A 26-year-old Glen Burnie man led officers from several police agencies on a 60-mile, 40-minute high-speed chase yesterday through five counties before committing suicide as he was cornered in Frederick, authorities said.
Michael Brenden Rhodes Jr., a truck driver who lived in the first block of Forestdale Avenue, was flown by state police helicopter to the Maryland Shock Trauma Center, where he died shortly after 3 p.m.
A neighbor who asked not to be identified said that Mr. Rhodes drove a tractor-trailer between Baltimore and New York for an air cargo company located at Baltimore-Washington International Airport.
The pursuit began at the BWI Commerce Park, near the intersection of Dorsey and Old Telegraph roads, at 11:55 a.m., where an Anne Arundel County officer was investigating a complaint from an air cargo company that several of its trucks had been vandalized -- including one that had a bullet fired into its engine block.
An employee showed the officer a 1974 Chevrolet Nova on the parking lot, with spent shell casings inside the car, said Officer V. Richard Molloy, an Anne Arundel County police spokesman.
The officer stepped away to consult a superior and while the two were talking, "the car fired by" with Mr. Rhodes behind the steering wheel, Officer Molloy said.
The Anne Arundel officers pursued the car, quickly joined by state troopers as they sped along Dorsey Road to Baltimore-Annapolis Boulevard, Interstate 97 and the Beltway, exiting at Ritchie Highway.
As the fleeing suspect left the Beltway, Trooper Charles Lewis, 27, of the Glen Burnie barracks, pulled his car alongside the Chevrolet and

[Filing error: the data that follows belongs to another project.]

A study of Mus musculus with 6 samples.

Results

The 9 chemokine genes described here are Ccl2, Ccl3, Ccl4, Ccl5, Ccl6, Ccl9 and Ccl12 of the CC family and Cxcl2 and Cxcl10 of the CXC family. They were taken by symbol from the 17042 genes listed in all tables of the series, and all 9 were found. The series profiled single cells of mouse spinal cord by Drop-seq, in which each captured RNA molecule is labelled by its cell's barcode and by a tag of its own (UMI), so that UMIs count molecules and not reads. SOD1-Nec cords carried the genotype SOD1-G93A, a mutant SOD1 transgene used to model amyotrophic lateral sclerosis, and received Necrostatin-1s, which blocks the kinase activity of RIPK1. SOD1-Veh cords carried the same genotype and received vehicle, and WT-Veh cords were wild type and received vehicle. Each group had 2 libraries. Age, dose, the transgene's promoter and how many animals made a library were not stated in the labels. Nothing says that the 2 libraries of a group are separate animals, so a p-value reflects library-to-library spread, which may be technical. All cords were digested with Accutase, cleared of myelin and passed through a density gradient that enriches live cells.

Mr. Rhodes shot at him, narrowly missing the trooper, said state police spokesman Chuck Jackson.
The suspect led the trailing police cars back onto the Beltway in the opposite direction, speeding as fast as 100 mph as they drove one-quarter of the way around the inner loop to Interstate 70. More than 30 cruisers from various police agencies joined the pursuit, which turned west on I-70 through Howard and Carroll counties, Mr. Jackson said.
Mr. Rhodes fired again at the pursuing police cars with a sawed-off shotgun but did not hit anything. He also shot out his back window and fired several more shots through it, Mr. Jackson said.
Entering Frederick County, Mr. Rhodes maneuvered through a barricade that state troopers set up at the Monocacy River Bridge by crossing the median into the eastbound lanes. As he drove through, troopers fired six shots at the oncoming Chevy -- the only shots fired by police officers during the chase, Mr. Jackson said.
Mr. Rhodes drove off the interstate onto a dirt road and then onto Walser Drive, a service road along an interstate truck stop. Trapped there by the pursuing police vehicles, Mr. Rhodes got out of the car and shot himself once in the head, Mr. Jackson said.
Several weapons were found in Mr. Rhodes' car, including an AR-15 assault rifle with a scope, a sawed-off shotgun, a .22-caliber semi-automatic rifle, a .22-caliber handgun and dozens of rounds of ammunition, Mr. Jackson said.